How do you pass on your wealth to the next generation tax efficiently, whilst ensuring that they don’t just spend it all at once?! This is a question often posed by clients considering succession planning.
For many years, the answer has been to transfer assets into trust for the benefit of the next generation. However, with the trust regime in the UK becoming less favourable, families are looking for alternative approaches. The Family Investment Company (FIC) is able to offer parents the benefits of retaining an element of control over assets, whilst offering families greater flexibility to adopt a structure that suits their needs. Furthermore, the family investment company has a proven track record – put simply, it works! So, what’s the structure?
1. In its simplest form, a new company is formed, with Mum and Dad subscribing for, say, 50 shares each. Mum and Dad also appoint themselves directors of the company to retain control over the company management.
2. Mum and Dad then transfer their rental property portfolio to the company in return for a loan account equal to the market value of the assets transferred.
3. At this point, the assets and liabilities of the company are equal and the company therefore has no value. Mum and Dad immediately decide to each transfer 50 shares to their son and daughter. As the shares have no value at the time of transfer, there are no inheritance tax or capital gains tax consequences arising on the gift.
4. However, Mum and Dad may wish to retain shares in the company. In this instance, an alternative share structure may be adopted to incorporate voting and non-voting rights, or ordinary and preference shares, depending on the family dynamics. The value of any shares retained by Mum and Dad will be subject to inheritance tax if they are still held at the time of death.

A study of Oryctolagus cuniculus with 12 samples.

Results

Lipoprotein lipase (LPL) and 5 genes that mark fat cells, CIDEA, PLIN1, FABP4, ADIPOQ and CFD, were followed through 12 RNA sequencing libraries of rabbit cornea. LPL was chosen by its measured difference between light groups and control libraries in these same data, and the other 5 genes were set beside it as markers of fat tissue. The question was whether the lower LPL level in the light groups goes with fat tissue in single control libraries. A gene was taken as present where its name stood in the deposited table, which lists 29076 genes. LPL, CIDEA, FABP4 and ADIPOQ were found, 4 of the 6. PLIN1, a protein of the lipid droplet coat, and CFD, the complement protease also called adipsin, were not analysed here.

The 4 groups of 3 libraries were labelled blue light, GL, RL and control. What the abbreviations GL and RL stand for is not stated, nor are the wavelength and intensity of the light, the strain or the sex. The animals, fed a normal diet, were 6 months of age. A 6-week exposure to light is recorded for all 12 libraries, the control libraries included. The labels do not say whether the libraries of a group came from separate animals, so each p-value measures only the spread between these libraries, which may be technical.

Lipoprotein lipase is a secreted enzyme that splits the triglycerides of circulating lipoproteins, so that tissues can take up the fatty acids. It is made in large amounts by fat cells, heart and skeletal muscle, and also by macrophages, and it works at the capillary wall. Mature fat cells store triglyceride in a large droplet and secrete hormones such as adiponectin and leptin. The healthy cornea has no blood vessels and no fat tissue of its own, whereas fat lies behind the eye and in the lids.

5. The company will be subject to corporation tax at 19% on its taxable income (compare this to 45% income tax in a discretionary trust). The annual post-tax profits can then be utilised to repay the loan owed to Mum and Dad. Assuming repayment is made on an interest free basis, the loan repayment will be received without income tax consequence.
6. As the company’s liability (to the bank of Mum and Dad) reduces, and the value of the company assets increases, the value of the shares will too increase. The growth in value will be outside of Mum and Dad’s estate as they no longer own the company shares.
7. Mum and Dad will be liable to inheritance tax on the balance of the loan account outstanding at the time of their death. However, assuming that the debt is repaid in full during their lifetime, the profits can be retained in the company or can be distributed to shareholders.
Sounds too simple, “what’s the catch” I hear you say? The transfer of property into the company may give rise to a capital gains tax charge and stamp duty land tax may also be payable, calculated with reference to the property’s market value at the time of transfer. There are reliefs available which may help clients to mitigate their exposure to tax on incorporation.
Ultimately, whether a FIC is the right structure for you and your family business will depend on your individual circumstances. The tax implications vary and professional advice should be sought before embarking on this path. However, when implemented correctly, the structure can provide families with an alternative to the traditional trust as a key part of wealth planning.